The appendages of various vec, cyborg, and robotic entities are capable of marked elongation with respect to their minimum length. Such limbs employ technology originally developed for the extensible legs of aircars.
Generally, the only differences in technology from aircar legs are the periodic spacing along their length of articulated joints, and larger power and data conduits to supply the joints and limb end effectors. Power and data conduits, aside from those that power and control the telescopic action, are inside the hollow core of the limb, and spool out and in in conjunction with changes in limb length. In some designs, electro-lasers or lasers are used to transmit data and power through the hollow limb core without the use of wires or optical filaments. This technique can fail as long limbs flex while slewing, and the lasers lose line-of-sight. This engineering technique is generally not favored for long limb designs.
Limb joints are built to withstand high stresses, so are not capable of the space efficient stowing ability of the rest of the limb. Single, double, and triple axes joints are used — double and triple being the most common. Joints in telescopic limbs have engineering trade offs. The more joints there are, the more flexible the limb, but the larger the fully collapsed size. Properly designed limbs are relatively flexible: joint assemblies that consist of a two-axis joint on the end of a three-axis joint allow the limb to fold back on itself, and have a pointing envelope of nearly two complete hemispheres.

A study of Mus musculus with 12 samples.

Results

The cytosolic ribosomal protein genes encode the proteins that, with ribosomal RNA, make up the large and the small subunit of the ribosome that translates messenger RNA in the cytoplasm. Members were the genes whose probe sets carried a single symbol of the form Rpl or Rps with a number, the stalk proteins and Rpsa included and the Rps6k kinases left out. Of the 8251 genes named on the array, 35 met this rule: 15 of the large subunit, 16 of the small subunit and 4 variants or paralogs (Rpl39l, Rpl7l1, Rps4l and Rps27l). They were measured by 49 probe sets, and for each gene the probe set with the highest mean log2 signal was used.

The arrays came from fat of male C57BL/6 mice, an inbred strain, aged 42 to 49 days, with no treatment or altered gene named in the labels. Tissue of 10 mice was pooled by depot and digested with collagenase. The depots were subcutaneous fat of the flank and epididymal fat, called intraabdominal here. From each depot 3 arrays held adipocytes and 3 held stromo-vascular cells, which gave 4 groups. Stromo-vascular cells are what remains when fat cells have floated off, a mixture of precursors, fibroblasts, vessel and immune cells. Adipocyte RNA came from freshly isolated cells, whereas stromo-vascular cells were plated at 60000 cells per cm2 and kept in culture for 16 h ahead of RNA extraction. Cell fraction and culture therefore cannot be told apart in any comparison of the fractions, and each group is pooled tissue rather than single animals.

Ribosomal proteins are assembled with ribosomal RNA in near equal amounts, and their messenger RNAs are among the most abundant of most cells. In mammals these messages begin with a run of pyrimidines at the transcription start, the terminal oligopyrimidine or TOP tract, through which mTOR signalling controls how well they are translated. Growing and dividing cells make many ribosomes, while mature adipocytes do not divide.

Aircar legs can stow to a centimeter in thickness, a few centimeters in diameter, and extend to ten meters when fully elongate. A telescopic limb of equal diameter and a fully collapsed length of a meter (excluding the length of any possible joints) can extend to ten kilometers. Larger limb diameters allow even greater elongation. Such extreme lengths are only possible in extremely-low gee or free fall environments.
Typical telescopic limb maximum lengths are in the range of ten to several hundred meters.